In midst of a handful of settlements, the Department of Justice and the Department of Housing and Urban development HUD) is making it very clear that banks are not to discriminate against pregnant women or women on maternity leave.
Banks have made a habit out of denying women who are on maternity leave mortgages—mothers on leave are risky and pose a threat to household income. As Kenneth Harney at LA Times puts it:
When a borrower or co-borrower is on maternity leave or expected to be on leave, mortgage companies assume that the household income may decline for an extended period, or the woman may not return to the same employment and salary, thereby increasing the risk of delinquency or default.
In a recent settlement, a couple's application for a mortgage was denied by Mountain America Credit Union in Utah because the wife was on maternity leave—they were told they could come back and reapply "only when the wife returned to work and received a paycheck."
While the banks who practice this discrimination like Bank of America, PNC Mortgage, Cornerstone Mortgage and MGIC claim no wrongdoing, the DOJ and HUD have a very different take. They found that such discrimination violates that Fair Housing Act, which prohibits direct providers of housing (ranging from landlords to lending institutions) from discriminating against people based on race, sex, and familial status among other things.
Kristin Roww-Finkbeiner, executive director of the advocacy group MomsRising chalks the discrimination up to obsolete notions of women in the work place:
"It's ridiculous," Rowe-Finkbeiner said. "Three-quarters of moms are working, many of them at more than one job," because they know the income they earn is essential for the economic support of their families, including paying the mortgage.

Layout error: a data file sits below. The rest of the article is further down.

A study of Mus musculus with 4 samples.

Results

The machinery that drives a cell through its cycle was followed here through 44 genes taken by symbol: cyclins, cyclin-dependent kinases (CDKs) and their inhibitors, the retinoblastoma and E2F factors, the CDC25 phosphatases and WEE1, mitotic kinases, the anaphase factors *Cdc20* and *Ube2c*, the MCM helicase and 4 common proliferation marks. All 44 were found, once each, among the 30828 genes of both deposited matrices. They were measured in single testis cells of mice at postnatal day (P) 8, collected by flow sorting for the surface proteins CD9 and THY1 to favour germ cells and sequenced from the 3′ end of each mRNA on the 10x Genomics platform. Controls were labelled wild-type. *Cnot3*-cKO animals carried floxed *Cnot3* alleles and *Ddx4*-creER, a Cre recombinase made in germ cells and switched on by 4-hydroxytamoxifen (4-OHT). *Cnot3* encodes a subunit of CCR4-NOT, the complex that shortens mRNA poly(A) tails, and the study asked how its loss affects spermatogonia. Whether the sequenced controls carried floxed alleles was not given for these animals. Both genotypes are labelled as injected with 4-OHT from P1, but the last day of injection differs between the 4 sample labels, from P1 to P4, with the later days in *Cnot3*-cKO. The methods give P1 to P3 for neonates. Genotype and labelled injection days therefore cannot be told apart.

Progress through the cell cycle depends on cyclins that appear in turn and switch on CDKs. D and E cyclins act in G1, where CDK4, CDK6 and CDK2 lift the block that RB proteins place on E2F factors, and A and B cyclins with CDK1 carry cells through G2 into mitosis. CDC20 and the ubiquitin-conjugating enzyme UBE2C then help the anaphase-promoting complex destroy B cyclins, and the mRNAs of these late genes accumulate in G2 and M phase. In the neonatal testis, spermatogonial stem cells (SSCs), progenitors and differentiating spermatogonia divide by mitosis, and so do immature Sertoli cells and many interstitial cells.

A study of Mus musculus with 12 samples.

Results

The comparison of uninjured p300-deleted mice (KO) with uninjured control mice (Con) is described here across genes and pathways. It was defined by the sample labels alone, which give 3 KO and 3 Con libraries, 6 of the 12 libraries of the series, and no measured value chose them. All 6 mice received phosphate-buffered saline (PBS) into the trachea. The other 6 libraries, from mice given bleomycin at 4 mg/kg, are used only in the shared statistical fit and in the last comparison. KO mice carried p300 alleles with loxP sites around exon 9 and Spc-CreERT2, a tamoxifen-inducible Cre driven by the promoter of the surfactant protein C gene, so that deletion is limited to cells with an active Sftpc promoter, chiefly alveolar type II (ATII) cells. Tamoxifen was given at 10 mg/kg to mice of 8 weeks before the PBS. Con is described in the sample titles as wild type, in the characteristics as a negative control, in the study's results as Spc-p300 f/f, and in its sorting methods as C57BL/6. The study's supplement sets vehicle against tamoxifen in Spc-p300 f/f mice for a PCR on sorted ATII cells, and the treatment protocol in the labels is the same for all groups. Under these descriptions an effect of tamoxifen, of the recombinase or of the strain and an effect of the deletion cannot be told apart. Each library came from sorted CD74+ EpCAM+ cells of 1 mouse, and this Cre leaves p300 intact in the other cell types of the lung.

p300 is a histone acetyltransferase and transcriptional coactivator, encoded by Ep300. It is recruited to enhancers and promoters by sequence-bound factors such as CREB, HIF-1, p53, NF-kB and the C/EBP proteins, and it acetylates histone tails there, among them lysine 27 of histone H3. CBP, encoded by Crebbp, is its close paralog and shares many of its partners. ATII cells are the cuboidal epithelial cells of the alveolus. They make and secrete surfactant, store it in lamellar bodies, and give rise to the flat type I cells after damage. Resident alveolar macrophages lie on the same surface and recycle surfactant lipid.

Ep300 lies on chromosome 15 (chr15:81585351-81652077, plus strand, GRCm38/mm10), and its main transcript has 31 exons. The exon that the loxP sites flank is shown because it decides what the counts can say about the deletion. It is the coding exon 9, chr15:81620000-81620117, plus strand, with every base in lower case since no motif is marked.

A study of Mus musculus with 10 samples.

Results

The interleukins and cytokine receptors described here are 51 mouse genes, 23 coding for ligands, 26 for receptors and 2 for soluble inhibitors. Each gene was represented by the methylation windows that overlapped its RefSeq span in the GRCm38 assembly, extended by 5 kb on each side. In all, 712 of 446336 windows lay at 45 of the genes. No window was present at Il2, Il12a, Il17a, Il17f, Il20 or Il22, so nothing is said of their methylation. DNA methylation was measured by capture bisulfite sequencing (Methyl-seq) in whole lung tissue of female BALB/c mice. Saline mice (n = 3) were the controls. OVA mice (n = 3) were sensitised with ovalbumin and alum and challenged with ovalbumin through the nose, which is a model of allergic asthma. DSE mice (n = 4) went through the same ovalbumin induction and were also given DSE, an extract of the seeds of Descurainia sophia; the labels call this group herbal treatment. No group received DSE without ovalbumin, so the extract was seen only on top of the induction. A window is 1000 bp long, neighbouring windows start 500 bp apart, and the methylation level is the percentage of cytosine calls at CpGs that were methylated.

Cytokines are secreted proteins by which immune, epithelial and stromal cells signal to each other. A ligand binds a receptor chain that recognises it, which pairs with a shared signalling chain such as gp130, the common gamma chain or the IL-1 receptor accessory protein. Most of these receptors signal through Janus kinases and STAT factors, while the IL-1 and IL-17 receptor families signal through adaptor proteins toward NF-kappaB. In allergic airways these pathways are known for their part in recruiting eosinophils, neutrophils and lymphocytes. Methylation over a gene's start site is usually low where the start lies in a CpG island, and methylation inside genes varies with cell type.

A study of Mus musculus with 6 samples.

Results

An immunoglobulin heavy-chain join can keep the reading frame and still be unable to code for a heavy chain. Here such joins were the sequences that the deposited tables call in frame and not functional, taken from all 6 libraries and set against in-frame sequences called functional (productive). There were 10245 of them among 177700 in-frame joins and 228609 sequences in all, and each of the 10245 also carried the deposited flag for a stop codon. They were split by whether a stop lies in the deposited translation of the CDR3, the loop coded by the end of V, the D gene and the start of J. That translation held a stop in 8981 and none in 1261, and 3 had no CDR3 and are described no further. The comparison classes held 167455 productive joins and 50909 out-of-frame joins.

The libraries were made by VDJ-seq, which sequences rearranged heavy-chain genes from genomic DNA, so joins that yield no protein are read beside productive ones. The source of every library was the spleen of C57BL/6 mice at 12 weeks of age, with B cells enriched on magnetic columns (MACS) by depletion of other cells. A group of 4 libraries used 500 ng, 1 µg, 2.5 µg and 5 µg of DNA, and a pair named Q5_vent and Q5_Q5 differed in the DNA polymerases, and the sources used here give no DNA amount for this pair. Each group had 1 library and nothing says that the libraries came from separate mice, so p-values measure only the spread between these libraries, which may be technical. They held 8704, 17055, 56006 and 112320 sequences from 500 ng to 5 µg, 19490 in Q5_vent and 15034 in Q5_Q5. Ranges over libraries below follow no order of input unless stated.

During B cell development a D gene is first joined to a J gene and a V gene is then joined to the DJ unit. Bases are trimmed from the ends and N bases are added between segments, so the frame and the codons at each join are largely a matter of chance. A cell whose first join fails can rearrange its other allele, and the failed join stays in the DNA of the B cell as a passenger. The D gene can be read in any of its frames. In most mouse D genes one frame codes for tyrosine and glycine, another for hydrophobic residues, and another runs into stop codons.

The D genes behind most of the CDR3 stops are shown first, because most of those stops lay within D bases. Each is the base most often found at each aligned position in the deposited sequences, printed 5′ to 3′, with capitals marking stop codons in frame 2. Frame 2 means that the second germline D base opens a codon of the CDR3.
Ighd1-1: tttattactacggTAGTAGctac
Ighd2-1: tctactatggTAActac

Data from the Census Bureau shows that mothers return to work much more quickly after the first birth, 59% of women returned to work within three months of giving birth, although pre-pregnancy employment plays a considerable role. In general, mothers are bringing in more money than they used to, and more working moms prefer full-time work.
But apparently that's not all that relevant when applying for a mortgage. Bryce Covert at Think Progress points out that the huge lack of paid leave plays a key role in the situation:
If all workers were guaranteed a period of paid family leave for a new baby, lenders wouldn't have to be wary about giving women loans. It would also boost the share of women who return to their jobs, as those who have access to paid leave are more likely to return to work than those who don't.
Of course it's still disheartening to know that mortgage companies would rather take the hit and pay the settlement than admit that their practices are based on outdated assumptions. Hopefully one day, mothers won't be seen as a liability or someone with a condition, but a person just trying to buy a home.